You are heading to the gym and you are eager to start your fitness journey, goals are set and program is in hand. There are certain movements and exercises you want to avoid because of pain and you are physically unable to perform.
Why is that? Some of us ignore the fact that we are hurting or physically can not move well. Most of the time those people end up badly hurt or out for a certain amount of time, just to go back in training and have the same thing happen over and over again.
We all have certain goals we want at the gym; strength, cardio, aerobic or anaerobic conditioning, general fitness (weight loss, build muscle mass), sports specific you name it.
But no matter what your goals are, a lot of us fail to look at certain factors to prevent repetitive injuries such as; Mobility, Flexibility, & Proper Breathing. Given some of us may have some medical issues that will prevent us from moving a certain way, we need to learn how our bodies work so you can identify what is tight, what hurts, and what is not working properly.
My goal here is to educate you on what you should look at before starting any exercise program and for you to learn more about your body and how it moves so you are aware of what is going on at all times.
1) Check Your Mobility
Mobility is the ability of a joint to move freely.
Having great mobility not only helps your joints move in it’s natural range of motion (ROM), it also keeps them healthy, improves posture, and reduces your risk of injury. If you are someone who is looking to start general training, strength training or functional training, you need to spend some time improving your joint ROM.
We are all in some type of pain; back pain, neck pain, shoulder pain, knee pain, and the list goes on. Ask yourself this, “Does it make sense to load these joints when they are already in pain?” Your answer should be a hard NO!
There are other factors that can cause pain but here are some basic tests to check if you have good joint ROM, try these out before you start any program.
If you failed or feel any pinching in your joints during any of these test, perform some mobility and flexibility drills to improve your range of motion. If that does not resolve your pain please see your doctor.
A great tool to use and assess your movement and mobility is the Functional Movement Screen (FMS) by Gray Cook. This screen tests your most functional movements such as, Overhead Squat, Hurdle Step, Lunge, Shoulder Mobility, Active Single Leg Raise, Truck Stability and Rotational Stability. (www.functionalmovement.com)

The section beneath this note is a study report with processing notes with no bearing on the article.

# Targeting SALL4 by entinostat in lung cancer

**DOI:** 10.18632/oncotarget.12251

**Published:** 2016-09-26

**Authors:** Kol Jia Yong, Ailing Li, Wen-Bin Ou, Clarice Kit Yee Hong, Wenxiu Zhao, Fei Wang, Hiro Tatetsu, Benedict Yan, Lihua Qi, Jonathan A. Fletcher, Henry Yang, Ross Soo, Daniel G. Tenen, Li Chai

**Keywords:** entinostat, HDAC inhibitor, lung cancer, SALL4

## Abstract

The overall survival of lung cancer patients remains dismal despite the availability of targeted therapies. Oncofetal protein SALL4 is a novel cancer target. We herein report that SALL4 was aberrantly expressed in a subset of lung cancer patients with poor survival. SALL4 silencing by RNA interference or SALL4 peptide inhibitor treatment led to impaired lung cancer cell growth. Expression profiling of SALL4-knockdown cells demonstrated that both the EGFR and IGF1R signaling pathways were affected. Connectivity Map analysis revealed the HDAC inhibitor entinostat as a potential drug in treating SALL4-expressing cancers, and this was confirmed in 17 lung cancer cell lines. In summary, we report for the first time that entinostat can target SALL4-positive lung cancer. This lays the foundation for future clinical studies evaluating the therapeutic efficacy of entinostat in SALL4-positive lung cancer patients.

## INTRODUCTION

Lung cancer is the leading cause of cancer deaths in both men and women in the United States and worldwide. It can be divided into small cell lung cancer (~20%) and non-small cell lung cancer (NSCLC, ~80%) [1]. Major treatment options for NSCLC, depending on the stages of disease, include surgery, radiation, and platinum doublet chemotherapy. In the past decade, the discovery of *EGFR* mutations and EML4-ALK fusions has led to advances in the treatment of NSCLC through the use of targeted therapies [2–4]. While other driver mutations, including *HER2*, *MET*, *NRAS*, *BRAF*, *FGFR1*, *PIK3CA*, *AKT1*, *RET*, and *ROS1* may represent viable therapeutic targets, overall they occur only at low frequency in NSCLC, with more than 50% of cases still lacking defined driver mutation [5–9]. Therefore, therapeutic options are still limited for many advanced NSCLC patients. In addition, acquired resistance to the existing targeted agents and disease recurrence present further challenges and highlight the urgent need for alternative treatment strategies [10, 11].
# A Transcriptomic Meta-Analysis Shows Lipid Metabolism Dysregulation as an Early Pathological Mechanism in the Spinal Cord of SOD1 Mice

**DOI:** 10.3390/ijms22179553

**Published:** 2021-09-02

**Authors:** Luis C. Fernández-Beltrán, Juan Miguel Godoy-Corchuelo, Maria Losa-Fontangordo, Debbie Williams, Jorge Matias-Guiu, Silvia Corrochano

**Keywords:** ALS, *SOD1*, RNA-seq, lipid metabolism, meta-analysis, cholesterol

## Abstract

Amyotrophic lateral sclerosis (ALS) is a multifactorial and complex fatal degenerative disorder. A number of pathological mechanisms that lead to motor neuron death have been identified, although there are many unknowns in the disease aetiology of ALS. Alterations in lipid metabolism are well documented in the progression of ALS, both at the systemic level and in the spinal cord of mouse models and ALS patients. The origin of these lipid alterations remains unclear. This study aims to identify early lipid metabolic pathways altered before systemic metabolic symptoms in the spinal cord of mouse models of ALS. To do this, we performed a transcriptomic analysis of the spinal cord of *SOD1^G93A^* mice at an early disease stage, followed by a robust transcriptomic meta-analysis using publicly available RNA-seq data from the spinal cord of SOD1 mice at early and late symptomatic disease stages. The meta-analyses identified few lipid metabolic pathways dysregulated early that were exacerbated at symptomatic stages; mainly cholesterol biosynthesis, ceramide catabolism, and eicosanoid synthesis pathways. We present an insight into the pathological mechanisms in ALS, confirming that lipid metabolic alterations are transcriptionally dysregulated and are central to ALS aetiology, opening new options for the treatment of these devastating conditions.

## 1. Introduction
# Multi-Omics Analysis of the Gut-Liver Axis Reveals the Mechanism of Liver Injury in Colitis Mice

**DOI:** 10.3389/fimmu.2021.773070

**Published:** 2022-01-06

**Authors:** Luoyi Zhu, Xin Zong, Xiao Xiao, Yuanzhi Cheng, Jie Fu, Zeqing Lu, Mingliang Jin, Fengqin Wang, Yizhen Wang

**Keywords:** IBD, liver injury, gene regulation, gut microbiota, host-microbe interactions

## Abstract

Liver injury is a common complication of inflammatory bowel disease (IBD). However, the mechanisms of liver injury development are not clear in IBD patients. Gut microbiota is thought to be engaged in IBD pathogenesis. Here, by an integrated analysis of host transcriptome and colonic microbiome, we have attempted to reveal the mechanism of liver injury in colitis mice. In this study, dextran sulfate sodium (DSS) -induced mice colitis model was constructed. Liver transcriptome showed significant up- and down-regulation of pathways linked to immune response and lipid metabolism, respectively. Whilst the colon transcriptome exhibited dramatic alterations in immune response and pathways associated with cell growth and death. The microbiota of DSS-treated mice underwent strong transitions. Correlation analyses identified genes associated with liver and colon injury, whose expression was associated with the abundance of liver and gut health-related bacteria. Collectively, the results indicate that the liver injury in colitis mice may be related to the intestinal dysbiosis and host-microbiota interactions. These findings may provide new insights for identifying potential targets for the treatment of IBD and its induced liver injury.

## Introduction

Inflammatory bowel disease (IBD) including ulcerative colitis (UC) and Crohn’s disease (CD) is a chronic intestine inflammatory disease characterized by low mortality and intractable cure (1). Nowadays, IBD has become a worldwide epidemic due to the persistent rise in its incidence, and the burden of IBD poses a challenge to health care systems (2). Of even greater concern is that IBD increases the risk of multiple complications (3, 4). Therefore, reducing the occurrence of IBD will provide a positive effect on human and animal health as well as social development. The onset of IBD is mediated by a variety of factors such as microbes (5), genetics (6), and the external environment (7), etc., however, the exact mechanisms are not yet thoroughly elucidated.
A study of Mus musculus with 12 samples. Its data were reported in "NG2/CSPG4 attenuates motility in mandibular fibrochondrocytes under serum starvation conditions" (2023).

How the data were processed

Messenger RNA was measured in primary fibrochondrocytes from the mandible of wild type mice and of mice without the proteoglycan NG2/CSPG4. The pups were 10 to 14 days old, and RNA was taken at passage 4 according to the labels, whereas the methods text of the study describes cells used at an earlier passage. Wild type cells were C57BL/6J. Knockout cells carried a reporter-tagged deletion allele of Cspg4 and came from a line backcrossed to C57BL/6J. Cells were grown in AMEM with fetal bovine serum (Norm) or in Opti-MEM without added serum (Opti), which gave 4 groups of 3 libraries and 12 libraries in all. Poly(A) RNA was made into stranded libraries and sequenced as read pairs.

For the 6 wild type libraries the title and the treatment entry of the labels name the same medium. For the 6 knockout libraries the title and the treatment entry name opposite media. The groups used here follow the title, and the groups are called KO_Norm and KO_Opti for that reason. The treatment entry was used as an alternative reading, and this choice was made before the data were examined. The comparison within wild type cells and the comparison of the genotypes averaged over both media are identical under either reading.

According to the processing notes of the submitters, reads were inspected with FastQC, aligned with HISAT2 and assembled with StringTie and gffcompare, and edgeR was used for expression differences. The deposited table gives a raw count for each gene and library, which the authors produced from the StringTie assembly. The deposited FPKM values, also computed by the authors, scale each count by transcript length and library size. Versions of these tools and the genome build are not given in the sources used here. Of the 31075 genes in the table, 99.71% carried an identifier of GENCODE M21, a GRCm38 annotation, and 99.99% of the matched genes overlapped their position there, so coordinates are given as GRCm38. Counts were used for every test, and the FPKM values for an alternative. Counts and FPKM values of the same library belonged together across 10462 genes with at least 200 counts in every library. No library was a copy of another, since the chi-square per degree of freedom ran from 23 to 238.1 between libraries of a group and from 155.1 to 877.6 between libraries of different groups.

2) Check Your Flexibility
Flexibility is referred to as the length of a muscle tissue.
Flexibility can sometimes be misunderstood as mobility but A flexible muscle can improve your mobility. The reason for this is when a muscle is flexible it can lengthen and shorten to allow the joint to move freely without any restrictions from the muscle tissue. To improve mobility, you must improve flexibility.
When a muscle is short it is not flexible, when it is not flexible the muscle cannot activate or produce enough force.
Here are different types of stretches to help Improve Flexibility:
Hold for 15-30 sec up to 2 minutes.
There will be some mild discomfort during the stretch.
You can perform static stretching before training but you must follow it up with dynamic stretching.
2 times a week
Uses dynamic movements through a full joint ROM.
Warms up the joints and reduces muscle tension.
Typically before training.
Proprioceptive Neuromuscular Facilitation (PNF)
Done with a partner using hold-relax, contract-relax, and hold-relax with agonist contraction.
Can increase ROM through autogenic inhibition.
Stretching is not the only way to improve flexibly, trigger point, manual therapy, Self myofascial release (foam rolling), and distraction work will also help improve your flexibility.
3) Learn how to breathe properly
Breathing helps us stay in a sympathetic (flight) state vs parasympathetic (fight) state.
Core strength and posture helps us protect our spine and place us in the proper position in our daily activities and in training. Without proper engagement of you core you put your spine into a dangerous position which creates an unstable base between your diaphragm and your pelvic floor. The best way to obtain a stable base is through breathing which will also teach you how to brace properly. Learning how to exhale fully will teach your core (Transverse abdominus, Obliques & Rectus Abdominus) to stabilize the spine.
The proper poster (RIGHT) is illustrated in this diagram. Notice how core engagement promotes optimal posture. Having proper posture takes unnecessary load off your spine to ultimately prevent injury.
A huge problem we have is the inability to use or diaphragm. Most of us are stuck in a thoracic flexion (rounded back) due to our daily habits. Because of this our diaphragm is unable to function properly (breathing) and we tend to use our secondary muscles (i.e. neck & intercostals) to breath which is another reason why your neck tenses up. Learn how to breathe properly through your diaphragm to take the load off your secondary breathing muscles, improve core activation and learn how to brace.
Here are some Basic Breathing Techniques you should implement in your training. (PRI??)
Periscope (Tummy Time)
Remember, do not start a training program if your body is not feeling optimal. You are already prone to injury and by starting a program with pain and discomfort will only lead to a higher risk of injury. Search for a trainer/coach that will help you lower your risk of injury and create a personalized training program for you to meet your goals.